A federal court judge has accused James Ashby of being “evasive” during his evidence in a defamation trial between his boss Pauline Hanson and former One Nation senator Brian Burston.
Ashby, Hanson’s longtime chief of staff, was called to give evidence on Tuesday over his role in what Burston claims were a series of allegations of sexual harassment made against him on social media, in interviews and in a text to his wife, Rosalyn.
One of Burston’s key complaints in the case is a speech given in parliament by Hanson on 12 February 2019. Burston claims the speech, subsequently published on Hanson’s Facebook page, was defamatory because it alleged he “sexually harassed staff in his office” and “behaved disgracefully” by “improperly dismissing” his employees.
Although Burston was not named in the speech, his lawyers say he was identified by a number of people as the target of the speech once it was posted on social media.
Ashby conceded during his evidence on Tuesday that he wrote the speech for Hanson after a number of discussions with two members of Burston’s staff who subsequently accused him of sexual harassment.
But when he was pushed by Burston’s barrister, Bruce McClintock SC, on whether he knew the speech would be taken as an “attack”, Ashby insisted it was “truthful” and that he had avoided naming the senator.
“The speech identified the issues that staff were having within that parliament and within a certain senator’s office,” Ashby said.
After a long back-and-forth, Ashby’s answers prompted a rebuke from the judge presiding over the case, justice Robert Bromwich.
When Hanson’s lawyer, Sue Chrysanthou SC, said she had “a problem” with one of McClintock’s questions, the judge replied: “I have a problem with the answer.”
“The interpretation I take Ms Chrysanthou is that he just doesn’t want to answer the question,” Bromwich said.
“He has not answered the question Ms Chrysanthou, [it is] as plain as day he has not answered the question.”
Describing Ashby as appearing “highly intelligent”, Bromwich said “my perception is he doesn’t want to answer it”.
“I’ve written the word ‘evasive’ on my notebook,” Bromwich said.
Saying he didn’t “want to appear evasive”, Ashby then conceded he intended for the speech to be “a shot across the bow” to Burston.
Saying he was “deliberate not to name anyone”, Ashby said the federal parliament had “a history, and I am well aware of its history, of the behaviour of not just Mr Burston but a number of other elected MPs and senators that has been disgraceful towards [their] staff”.
“That speech was deliberate, not only did it fire a shot across the bow of Mr Burston, though it did not name him, [it was also] a warning to others as well.
“If i really wanted to attack Mr Burston I would’ve named him because the senator [Hanson] would’ve had parliamentary privilege to name him.”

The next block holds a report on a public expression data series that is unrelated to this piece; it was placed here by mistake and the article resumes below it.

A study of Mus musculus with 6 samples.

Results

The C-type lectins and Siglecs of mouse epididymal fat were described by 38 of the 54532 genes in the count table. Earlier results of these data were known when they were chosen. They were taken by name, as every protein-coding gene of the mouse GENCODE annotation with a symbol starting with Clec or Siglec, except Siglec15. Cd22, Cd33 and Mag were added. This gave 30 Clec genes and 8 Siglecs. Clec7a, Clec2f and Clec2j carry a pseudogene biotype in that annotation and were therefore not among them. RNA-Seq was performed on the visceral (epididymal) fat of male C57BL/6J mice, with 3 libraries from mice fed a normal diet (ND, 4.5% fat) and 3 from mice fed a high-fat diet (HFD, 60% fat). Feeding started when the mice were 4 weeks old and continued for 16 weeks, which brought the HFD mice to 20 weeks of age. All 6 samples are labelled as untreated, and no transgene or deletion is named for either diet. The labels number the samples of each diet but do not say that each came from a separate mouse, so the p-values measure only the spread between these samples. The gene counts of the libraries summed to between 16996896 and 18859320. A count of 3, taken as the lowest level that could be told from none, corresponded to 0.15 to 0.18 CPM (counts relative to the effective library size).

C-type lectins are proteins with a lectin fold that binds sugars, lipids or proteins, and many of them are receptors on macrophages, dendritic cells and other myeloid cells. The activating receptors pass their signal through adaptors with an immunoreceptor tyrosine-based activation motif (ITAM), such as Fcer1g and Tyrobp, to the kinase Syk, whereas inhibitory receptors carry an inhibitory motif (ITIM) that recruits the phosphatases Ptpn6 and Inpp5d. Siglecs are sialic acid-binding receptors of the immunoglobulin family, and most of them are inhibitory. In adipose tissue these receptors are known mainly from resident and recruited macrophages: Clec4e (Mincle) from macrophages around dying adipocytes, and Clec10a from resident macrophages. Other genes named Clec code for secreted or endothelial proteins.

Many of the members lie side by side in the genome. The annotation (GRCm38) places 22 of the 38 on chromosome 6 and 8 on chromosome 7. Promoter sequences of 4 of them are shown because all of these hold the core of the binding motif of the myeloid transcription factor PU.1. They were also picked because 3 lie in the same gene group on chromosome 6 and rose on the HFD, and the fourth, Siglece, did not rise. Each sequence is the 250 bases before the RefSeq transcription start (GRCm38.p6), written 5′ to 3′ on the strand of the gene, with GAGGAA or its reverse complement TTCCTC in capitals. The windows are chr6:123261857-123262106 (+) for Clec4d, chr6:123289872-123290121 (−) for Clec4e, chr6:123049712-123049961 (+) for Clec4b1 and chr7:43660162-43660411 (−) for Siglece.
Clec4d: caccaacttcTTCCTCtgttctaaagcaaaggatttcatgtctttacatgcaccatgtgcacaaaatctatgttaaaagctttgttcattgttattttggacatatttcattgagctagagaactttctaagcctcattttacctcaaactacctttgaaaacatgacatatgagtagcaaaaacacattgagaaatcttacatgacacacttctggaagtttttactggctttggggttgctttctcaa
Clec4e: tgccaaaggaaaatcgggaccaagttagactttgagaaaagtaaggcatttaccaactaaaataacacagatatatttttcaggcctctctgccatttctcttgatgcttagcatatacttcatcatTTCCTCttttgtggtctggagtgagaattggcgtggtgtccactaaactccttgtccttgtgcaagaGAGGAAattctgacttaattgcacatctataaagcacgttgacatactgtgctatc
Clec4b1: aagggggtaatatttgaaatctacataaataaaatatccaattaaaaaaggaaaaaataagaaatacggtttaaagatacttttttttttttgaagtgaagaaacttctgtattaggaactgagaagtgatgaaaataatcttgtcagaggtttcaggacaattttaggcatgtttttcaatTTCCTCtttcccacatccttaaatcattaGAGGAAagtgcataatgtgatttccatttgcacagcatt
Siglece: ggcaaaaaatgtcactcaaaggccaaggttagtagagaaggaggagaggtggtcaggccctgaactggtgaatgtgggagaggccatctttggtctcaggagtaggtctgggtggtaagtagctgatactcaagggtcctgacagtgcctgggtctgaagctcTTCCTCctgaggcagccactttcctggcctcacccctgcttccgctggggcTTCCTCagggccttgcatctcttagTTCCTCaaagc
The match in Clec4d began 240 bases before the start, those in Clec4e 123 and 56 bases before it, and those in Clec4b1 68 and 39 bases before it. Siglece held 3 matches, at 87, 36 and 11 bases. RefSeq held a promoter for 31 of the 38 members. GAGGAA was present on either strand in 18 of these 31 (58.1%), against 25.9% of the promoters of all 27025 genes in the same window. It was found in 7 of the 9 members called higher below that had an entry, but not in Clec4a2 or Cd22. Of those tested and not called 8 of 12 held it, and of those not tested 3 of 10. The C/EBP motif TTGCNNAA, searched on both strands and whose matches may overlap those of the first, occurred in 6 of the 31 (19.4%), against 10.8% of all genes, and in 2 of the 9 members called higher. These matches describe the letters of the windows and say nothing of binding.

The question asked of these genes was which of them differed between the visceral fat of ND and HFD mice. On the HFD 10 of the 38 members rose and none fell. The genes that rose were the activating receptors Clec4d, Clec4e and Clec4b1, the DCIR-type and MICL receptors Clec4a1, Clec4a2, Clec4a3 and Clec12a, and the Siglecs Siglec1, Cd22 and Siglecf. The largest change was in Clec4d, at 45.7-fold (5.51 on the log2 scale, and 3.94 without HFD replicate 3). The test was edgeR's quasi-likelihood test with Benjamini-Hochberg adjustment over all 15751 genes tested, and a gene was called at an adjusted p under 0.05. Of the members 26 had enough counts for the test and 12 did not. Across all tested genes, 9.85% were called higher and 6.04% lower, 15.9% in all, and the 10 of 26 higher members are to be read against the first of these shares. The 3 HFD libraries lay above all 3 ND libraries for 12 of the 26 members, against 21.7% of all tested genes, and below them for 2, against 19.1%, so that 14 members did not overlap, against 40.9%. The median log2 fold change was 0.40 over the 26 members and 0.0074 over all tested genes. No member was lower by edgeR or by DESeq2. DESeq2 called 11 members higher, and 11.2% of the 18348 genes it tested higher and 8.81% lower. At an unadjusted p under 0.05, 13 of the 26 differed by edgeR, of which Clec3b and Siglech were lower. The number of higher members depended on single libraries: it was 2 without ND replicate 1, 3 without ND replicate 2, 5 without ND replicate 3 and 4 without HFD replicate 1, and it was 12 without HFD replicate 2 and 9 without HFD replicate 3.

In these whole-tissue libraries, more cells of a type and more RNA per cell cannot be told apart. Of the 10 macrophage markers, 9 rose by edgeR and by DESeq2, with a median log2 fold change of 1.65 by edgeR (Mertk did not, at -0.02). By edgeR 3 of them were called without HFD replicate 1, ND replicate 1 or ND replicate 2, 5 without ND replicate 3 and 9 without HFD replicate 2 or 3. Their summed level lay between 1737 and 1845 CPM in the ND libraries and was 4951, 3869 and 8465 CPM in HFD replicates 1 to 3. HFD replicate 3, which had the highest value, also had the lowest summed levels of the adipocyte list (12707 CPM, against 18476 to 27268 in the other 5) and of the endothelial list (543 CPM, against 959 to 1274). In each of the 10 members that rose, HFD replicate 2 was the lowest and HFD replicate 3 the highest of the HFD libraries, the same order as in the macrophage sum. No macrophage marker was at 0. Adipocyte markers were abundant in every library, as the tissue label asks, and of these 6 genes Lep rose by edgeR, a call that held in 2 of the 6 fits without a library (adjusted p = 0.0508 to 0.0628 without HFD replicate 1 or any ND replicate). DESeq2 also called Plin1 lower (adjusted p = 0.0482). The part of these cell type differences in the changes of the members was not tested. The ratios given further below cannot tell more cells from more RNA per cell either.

The court has previously heard that in the months after he quit One Nation to join the United Australia party, the relationship between Burston and his former party became increasingly hostile, to the point that then Senate president, Scott Ryan, intervened to ask them to stay away from each other.
But the two men continued to exchange hostile text exchanges, including messages in which Ashby told Burston to “fuck off”, and labelled him a “sad man” and an “idiot traitorous cunt”.
On Tuesday Ashby described Burston as a “serial text pest” and insisted that he had tried to avoid his “antagonistic” approach.
When Ashby insisted the antagonism was all one way, McClintock replied: “You don’t think calling my client a ‘traitorous cunt’ shows a level of antagonism?”
“You can laugh all you like, I didn’t find it funny, I didn’t find his approach in his texts or the comments he would make in hallways appropriate, Mr McClintock,” Ashby said.
“He was terrible in his texts, he was antagonistic, he was goading, he was a raft of different things. I can pull out a thesaurus and use a bunch of other descriptive words. Your client is no angel.”
The court has previously heard evidence that Ashby and Burston were involved in an altercation inside parliament on the night after the speech, which ended in the senator smearing blood on the door of Hanson’s senate office.
Burston has accepted that he did wipe his bloodied hand on her office door but he said he had “no memory” of the event until he saw it on CCTV later.
The confrontation, which occurred after a Minerals Council dinner, occurred when Ashby began filming Burston and his wife asking about “the sexual harassment claims”.
Burston told the court that during the confrontation he pushed Ashby, who he claimed “took a swing” at him, which he said glanced past his ear.
On Tuesday Ashby categorically denied attempting to hit Burston, and said that while the senator was “a very unhappy chappy” he was not trying to provoke him during the incident.
Hanson is arguing the video of the speech posted on social media did not identify Burston, but that the claims of sexual harassment were substantially true and were supported by evidence from two of his former staff members who gave evidence during the trial.
The court has heard Burston regularly commented on the appearance of one of his female staff members, said she had “perfect sized-breasts”, and on another occasion gave her a birthday card and $100 note which she alleged he placed down her top. He denied those allegations.
In her closing submissions on Tuesday Chrysanthou told the court it was open to find that Burston had been a dishonest witness, pointing to examples in which she said he had told “lies”.
She pointed to evidence Burston gave in which he said he had signed off “love you” in a text to a staffer because, he said, her mother had been murdered – something she later said was not true.
“He lies and when he’s caught with [evidence] he makes up some fanciful story,” Chrysanthou said.